Everything that the Mother Earth offers us is incredible, especially when understood in light of the traditions and knowledge of our ancestors. During this month, there is nothing better that a delicious huatia, an earth-oven to bake fresh tubers.
From it comes a steaming offering of potatoes and sweet potatoes, crispy on the outside and fluffy with unequaled taste inside due to their intrinsic characteristics and the added flavor of the earth.
May is the month of harvest. It is considered a time of abundance throughout the Andes. The great majority of fields are in the process of having their hard-earned produce taken to market and storage. Suddenly we have an overwhelming abundance of our primary foods: potatoes, corn, and quinoa in some valleys. These all have arrived in fullness.
It is also a month in which the rains are supposed to have ended and the earth dries out. Thus from the first day of this month begins the epoch for enjoying our delicious huatias, a name for both oven and what it cooks. They are a legacy given us by our ancestors all the way from the ancient past. They are like gifts from the womb of our Month Earth.
Huatia is a cooking technique in which food is cooked within the earth, rather than on top of it. People perform it in the fields where the harvest is taking place or after it is finished.
To do it you have to put together a kind of domed oven made out of carefully placed clods of earth. The oven takes the form of a kind of mountain with a relatively small cave opening in the front.
You put sticks and pieces of wood inside it and light them on fire to heat up the clods until they are very dark. Once they are black you know that the oven is ready to receive the ingredients. You begin to carefully place potatoes, sweet potatoes, broad beans, and ocas, or some combination of your choice although there are always potatoes.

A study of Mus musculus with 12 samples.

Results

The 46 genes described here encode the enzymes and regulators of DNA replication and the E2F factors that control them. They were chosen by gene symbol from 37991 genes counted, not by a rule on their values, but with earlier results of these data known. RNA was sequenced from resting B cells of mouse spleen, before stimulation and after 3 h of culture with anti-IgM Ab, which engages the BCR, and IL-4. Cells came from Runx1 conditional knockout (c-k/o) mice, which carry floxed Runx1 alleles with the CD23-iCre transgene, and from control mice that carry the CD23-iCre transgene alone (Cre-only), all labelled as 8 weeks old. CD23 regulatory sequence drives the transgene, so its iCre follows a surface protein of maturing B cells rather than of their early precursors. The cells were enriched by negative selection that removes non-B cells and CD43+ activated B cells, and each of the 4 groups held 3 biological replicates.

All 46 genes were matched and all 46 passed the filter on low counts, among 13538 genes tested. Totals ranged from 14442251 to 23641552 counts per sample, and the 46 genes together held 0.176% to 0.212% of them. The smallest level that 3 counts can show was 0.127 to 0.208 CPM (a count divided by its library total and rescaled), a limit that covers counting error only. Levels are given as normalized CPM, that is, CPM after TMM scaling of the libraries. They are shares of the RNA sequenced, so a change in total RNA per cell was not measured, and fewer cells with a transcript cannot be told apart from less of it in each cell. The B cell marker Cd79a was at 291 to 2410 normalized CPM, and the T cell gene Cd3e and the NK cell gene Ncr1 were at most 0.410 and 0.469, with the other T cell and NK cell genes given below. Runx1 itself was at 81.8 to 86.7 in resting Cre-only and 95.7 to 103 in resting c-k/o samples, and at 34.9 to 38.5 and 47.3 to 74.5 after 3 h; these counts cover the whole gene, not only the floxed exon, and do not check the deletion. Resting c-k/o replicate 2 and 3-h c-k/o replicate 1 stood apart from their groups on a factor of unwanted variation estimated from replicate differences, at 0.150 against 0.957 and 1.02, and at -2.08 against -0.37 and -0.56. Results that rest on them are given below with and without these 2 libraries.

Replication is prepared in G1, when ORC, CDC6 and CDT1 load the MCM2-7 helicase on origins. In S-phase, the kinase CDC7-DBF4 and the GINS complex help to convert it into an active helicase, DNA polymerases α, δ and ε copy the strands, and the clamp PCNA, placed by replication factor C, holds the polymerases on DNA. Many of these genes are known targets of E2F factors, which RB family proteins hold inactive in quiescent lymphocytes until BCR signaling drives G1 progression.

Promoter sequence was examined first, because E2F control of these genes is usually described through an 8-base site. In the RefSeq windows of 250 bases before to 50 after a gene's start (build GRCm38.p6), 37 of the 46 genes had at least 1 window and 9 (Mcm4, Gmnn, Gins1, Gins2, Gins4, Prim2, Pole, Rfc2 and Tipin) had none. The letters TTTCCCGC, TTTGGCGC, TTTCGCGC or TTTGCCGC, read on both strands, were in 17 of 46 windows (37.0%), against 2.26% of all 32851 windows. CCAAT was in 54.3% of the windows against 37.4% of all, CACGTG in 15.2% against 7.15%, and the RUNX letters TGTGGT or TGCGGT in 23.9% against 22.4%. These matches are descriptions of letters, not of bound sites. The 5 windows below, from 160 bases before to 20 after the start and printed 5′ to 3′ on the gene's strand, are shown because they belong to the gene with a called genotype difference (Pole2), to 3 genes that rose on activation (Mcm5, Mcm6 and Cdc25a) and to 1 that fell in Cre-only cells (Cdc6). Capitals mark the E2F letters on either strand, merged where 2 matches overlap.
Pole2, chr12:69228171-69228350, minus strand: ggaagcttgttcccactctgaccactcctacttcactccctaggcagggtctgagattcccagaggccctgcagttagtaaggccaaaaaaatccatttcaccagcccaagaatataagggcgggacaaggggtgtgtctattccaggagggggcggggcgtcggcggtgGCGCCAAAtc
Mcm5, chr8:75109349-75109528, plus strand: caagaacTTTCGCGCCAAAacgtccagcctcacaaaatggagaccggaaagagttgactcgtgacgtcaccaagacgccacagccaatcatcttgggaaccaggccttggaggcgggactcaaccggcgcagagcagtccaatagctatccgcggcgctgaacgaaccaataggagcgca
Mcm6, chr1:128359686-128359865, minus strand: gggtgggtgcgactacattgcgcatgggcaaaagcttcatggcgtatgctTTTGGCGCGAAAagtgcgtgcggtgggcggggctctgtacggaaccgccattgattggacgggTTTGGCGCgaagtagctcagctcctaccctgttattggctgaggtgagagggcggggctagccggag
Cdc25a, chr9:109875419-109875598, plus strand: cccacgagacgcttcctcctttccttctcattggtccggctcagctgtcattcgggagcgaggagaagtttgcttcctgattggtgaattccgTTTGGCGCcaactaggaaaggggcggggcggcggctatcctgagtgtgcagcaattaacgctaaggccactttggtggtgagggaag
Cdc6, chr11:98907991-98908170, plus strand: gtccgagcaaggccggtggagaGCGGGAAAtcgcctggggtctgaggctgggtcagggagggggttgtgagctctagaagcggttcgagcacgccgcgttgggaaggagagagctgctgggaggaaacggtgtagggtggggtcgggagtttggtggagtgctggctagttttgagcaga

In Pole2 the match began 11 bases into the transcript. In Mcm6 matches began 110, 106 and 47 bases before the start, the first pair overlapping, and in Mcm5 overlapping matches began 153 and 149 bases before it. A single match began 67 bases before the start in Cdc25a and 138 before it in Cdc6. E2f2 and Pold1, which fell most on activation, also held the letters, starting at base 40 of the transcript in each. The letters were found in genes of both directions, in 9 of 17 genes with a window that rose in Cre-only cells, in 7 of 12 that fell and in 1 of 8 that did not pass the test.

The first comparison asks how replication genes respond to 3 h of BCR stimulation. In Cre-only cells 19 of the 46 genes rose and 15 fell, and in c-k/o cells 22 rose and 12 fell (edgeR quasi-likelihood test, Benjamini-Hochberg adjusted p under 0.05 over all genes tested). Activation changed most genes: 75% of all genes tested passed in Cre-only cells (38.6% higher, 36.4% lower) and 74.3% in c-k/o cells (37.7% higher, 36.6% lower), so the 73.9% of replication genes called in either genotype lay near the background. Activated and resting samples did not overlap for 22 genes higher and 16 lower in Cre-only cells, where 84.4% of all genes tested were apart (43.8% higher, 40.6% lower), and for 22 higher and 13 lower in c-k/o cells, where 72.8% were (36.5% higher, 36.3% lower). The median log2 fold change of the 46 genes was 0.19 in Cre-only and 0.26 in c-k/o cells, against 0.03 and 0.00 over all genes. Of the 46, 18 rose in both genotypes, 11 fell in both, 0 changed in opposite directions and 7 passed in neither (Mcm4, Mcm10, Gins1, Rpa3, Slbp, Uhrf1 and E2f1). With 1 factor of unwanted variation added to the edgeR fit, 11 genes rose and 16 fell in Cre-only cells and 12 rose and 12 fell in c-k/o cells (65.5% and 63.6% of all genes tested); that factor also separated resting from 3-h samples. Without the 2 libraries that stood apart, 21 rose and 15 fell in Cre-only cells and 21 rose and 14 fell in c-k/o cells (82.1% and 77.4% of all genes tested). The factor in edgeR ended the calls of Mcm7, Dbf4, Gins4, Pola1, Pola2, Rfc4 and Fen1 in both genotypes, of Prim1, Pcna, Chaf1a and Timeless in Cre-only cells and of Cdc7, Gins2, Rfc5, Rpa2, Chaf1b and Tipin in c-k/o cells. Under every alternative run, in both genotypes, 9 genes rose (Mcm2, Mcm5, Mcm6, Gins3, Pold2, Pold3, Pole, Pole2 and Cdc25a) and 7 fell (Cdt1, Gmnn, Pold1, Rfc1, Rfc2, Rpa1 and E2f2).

You then carefully break the oven down on top of them, burying them in the hot earth and you cover that with shovel-fulls of more dirt in order to close any holes from which heat escapes.
Once some thirty to forty minutes have passed you begin to carefully scrape away the dirt, generally still hot, to find and pull out the potatoes and other food one by one. You do it carefully and little by little in order not to break or cut apart the hot potatoes. They are fluffy inside and carry an amazing aroma given by the earth.
Throughout the month families make sure to enjoy making huatias to eat together. Last weekend my family made a huatia and it was incredible. We thrilled with the amazing earth-baked potatoes and sweet potatoes. As soon as they started coming out, we began to break them open one at a time and added a flavorful uchukuta, fresh ground hot sauce, to them. Oh my, we started to just eat and eat, they were so delicious.
We still have the rest of the month to make huatia and share with our family and or our friends. It is very easy to make. You just need a bit of care and attention to detail. In this way we let the earth give us its best and we, with the greatest of respect thank it for its concern for us and what it gives us.